I have written articles recently for other publications about a discussion paper released recently by the state government aimed at yet another review of our industry.
ARAMA’s intervention in the release has at least added some balance to the discussion paper’s content but once again the industry must head off the attack.
The extreme interest groups falsely claiming to represent unit owners in Queensland can be easily discredited (as they have before) for their often misleading and biased claims. Rather than take that negative approach in this article, it is instead worthwhile highlighting some of the many positives that the management rights industry has to offer. It is these positives that I am sure will be relevant to the inevitable debate about to take place.
Those of us that work in the industry regularly come across complexes where there is a great working relationship between onsite management and the committee. We get to see first hand how well a building like that runs. These buildings highlight how the management rights model works so well for owners, for tenants and guests and for the manager.
It should not be surprising that when the world’s biggest travel website TripAdvisor, recently released its annual Travellers Choice awards, of the top 15 places to stay in Australia, five are complexes operating under a management rights structure.
I am familiar with, and act for the managers in, a number of those five complexes and I can personally vouch for the professional job the managers do in their complexes and the extremely good relationship the managers enjoy with their owners generally and their committee in particular.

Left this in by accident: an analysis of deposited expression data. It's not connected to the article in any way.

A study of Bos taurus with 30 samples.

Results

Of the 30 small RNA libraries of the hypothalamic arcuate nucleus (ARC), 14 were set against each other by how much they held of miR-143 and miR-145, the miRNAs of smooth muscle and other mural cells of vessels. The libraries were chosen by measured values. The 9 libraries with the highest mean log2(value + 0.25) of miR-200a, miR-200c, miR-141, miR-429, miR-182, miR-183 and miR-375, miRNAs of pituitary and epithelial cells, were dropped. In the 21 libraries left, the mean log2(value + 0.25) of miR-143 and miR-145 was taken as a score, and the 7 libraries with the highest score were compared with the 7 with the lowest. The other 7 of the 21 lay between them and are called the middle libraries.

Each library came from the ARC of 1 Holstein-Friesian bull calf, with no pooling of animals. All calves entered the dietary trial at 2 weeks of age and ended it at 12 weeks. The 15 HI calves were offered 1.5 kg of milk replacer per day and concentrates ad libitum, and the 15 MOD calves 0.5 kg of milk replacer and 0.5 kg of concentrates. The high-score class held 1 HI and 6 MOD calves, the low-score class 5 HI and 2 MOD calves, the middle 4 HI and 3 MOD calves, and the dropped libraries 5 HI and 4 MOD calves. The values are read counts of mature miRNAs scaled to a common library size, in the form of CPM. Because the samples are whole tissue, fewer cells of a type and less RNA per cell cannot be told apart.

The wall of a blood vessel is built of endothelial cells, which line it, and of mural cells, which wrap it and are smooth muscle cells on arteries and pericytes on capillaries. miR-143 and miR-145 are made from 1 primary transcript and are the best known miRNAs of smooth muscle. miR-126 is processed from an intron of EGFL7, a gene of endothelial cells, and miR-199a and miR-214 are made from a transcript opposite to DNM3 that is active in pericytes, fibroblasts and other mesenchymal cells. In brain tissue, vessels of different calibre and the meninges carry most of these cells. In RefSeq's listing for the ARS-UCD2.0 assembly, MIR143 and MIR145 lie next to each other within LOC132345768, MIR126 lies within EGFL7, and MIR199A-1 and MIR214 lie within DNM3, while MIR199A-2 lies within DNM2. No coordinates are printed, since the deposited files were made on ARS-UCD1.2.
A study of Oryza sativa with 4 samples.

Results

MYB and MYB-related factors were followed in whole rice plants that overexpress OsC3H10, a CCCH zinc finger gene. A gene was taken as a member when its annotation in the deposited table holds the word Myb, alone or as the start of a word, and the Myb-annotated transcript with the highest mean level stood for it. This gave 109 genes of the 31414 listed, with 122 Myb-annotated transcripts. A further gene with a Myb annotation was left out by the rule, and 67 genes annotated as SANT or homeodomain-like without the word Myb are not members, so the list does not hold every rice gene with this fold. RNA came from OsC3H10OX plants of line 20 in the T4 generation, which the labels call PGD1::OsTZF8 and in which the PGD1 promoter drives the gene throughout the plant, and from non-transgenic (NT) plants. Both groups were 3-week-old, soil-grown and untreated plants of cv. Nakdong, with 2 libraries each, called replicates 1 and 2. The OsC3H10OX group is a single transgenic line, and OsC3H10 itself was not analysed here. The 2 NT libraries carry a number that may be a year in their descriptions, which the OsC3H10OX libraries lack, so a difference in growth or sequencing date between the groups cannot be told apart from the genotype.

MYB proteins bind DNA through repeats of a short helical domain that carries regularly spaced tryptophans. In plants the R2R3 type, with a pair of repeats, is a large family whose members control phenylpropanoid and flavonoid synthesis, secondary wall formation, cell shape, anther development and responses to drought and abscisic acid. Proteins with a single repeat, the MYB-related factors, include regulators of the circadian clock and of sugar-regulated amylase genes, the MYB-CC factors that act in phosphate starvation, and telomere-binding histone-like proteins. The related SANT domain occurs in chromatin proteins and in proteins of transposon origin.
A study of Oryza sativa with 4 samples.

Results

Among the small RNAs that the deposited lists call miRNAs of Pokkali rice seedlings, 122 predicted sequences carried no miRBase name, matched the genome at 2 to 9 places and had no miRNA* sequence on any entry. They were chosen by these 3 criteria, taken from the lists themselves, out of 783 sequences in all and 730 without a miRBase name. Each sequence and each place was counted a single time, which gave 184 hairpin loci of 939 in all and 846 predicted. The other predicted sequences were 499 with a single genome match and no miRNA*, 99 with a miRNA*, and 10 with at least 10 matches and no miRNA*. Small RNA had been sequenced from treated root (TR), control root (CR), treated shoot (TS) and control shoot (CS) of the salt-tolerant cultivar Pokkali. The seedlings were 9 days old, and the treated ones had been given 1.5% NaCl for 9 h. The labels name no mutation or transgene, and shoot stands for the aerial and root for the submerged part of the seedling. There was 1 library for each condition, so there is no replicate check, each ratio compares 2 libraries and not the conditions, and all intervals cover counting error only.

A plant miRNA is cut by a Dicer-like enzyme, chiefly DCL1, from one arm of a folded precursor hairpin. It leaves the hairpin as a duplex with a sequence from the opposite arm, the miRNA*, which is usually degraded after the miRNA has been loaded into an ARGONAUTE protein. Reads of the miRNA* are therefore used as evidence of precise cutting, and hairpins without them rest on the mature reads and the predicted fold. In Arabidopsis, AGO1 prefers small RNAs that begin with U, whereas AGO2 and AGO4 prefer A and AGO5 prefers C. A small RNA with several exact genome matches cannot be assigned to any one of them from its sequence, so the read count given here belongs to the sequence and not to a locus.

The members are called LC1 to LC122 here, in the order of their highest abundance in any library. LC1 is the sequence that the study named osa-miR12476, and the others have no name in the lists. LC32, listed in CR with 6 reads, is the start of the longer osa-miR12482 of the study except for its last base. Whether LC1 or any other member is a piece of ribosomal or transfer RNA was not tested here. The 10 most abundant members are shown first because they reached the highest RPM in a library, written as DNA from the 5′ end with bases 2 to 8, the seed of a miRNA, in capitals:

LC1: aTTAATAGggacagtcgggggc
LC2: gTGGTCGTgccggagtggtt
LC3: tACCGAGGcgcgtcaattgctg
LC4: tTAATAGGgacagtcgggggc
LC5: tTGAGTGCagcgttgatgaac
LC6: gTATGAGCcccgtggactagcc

Perhaps again not surprisingly, the list rates Queensland as the most desirable state and cites the onsite resident managers as the single biggest reason why. This again highlights that management rights, as history has shown, where the resident manager has a vested interest in the complex and the business, is the most efficient and effective form of management, providing sound onsite management, stability, harmony and good returns for letting owners.
Although conducted some years ago, the results of a survey into onsite management versus offsite management for complexes in Brisbane showed that onsite managers achieved higher rentals (by around 5%) and were able to let out units much more quickly than offsite agents.
Other advantages that an onsite manager offers over an offsite manager are well documented including the higher quality of tenant the onsite manager attracts given that the manager has the tenants as neighbours. It’s not surprising that developers selling units off-the-plan and real estate agents marketing second hand units, highlight in sales advertising material that a complex has onsite management.
Management rights can justifiably lay claim to being a major factor in the development of apartment complexes up and down the Queensland coast. They have been a part of, and a driving force behind, our tourism industry for almost half a century. Hopefully the bureaucrats and politicians that partake in the latest review recognise the huge economic impact management rights have and continue to have in Queensland.
I am quietly confident that when, during the course of the review of our industry that will take place in coming months, these and the many other positives our industry offers are highlighted, common sense will once again prevail and the rights of resident managers will continue to receive the recognition and support they deserve.